Mayor of Manchester Andy Burnham has appointed former Olympic athlete and Commonwealth gold medal winner Diane Modahl to lead a task force to help young people across Greater Manchester get jobs when the health crisis ends.

The Young Person’s Task Force has been set up in response to the impact the COVID-19 crisis is having on young people.

It will listen to what they need as part of the COVID-19 recovery process. This will include direct engagement with young people and youth organisations as well as with colleges, training providers and business.

For example, the decision to close schools and colleges as part of the national response to the coronavirus pandemic has already had a significant impact on the lives of thousands of young people across Greater Manchester.

And with all pupils not going back to schools until September now, the consequences on young people’s cognitive development and attainment could be severe, with the most disadvantaged young people likely to fall even further behind.

The work of the Task Force will be key to supporting young people during this precarious time and to help ensure their life chances and opportunities are there for them as Greater Manchester adapts to a post-COVID world.

“These are tough times for everyone but more so for young people who are at risk of being a lost generation if we don’t put in place the support they need now and as we recover from the coronavirus pandemic,” said Andy Burnham.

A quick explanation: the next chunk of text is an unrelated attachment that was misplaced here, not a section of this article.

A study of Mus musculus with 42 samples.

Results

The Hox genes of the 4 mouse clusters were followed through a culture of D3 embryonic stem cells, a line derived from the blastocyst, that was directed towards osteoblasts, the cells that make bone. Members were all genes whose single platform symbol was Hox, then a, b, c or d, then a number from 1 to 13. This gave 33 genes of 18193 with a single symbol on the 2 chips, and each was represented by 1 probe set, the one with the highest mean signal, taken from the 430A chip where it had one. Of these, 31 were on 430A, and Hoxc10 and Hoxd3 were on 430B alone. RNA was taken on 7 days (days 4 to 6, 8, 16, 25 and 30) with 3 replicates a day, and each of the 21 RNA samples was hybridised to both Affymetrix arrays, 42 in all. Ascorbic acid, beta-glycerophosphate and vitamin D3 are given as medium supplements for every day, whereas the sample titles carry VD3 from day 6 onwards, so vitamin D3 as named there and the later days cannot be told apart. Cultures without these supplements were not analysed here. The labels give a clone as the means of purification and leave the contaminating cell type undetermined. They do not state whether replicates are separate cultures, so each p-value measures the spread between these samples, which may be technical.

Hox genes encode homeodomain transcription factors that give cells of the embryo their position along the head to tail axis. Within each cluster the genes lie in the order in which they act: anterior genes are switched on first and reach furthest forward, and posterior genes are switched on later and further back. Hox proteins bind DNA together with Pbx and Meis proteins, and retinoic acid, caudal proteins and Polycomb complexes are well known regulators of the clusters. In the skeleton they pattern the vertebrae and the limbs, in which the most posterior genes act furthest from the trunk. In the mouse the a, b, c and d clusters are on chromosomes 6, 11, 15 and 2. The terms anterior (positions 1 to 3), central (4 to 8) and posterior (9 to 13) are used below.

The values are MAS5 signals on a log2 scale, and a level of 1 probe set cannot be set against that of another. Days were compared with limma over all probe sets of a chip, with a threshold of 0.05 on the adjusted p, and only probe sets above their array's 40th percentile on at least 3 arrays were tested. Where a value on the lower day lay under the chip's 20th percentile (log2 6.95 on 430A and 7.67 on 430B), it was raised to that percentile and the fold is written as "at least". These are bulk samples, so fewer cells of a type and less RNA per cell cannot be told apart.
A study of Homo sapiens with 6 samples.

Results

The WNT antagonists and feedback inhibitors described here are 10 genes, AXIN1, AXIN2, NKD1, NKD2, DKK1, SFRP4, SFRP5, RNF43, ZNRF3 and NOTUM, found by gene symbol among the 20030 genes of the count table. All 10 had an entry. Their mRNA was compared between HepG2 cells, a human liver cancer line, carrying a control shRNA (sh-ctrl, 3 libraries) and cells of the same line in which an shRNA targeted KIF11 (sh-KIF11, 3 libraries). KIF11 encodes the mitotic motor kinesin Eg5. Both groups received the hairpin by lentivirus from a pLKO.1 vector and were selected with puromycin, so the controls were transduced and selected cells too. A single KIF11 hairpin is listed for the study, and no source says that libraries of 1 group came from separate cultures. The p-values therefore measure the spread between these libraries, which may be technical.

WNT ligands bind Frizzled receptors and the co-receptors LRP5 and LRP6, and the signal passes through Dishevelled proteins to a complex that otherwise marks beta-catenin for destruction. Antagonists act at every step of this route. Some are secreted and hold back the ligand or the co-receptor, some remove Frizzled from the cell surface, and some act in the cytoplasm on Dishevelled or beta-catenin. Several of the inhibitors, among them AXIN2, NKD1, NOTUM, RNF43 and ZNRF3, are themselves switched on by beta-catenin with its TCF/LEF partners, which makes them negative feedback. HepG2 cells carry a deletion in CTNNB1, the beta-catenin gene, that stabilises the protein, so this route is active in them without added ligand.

“We must make sure the 2020s are not like the 1980s with so many young people left on the scrap heap.”

Mayor sets up task force to help young people get on track and get jobs post pandemic I Love Manchester
Diane winning the 800m title at the 1990 Commonwealth Games. Credit Mark Shearman

Diane Modahl retired from competition in 2002 but has remained heavily involved in sport and went on to establish the Diane Modahl Sports Foundation alongside her husband, Olympic coach Vicente Modahl, as a way of helping young people from disadvantaged areas benefit from everything sport can offer; enabling them to make the most of themselves in sport, education and employability.

“I know how hard this health crisis has been for young people who haven’t been able to go back to school and college, who’ve been laid off work or struggling to get apprenticeships and jobs,” she said.

“We must make sure we do everything we can to help them. I’m looking forward to getting out there and talking to young people to find out what their concerns are and what support they need.”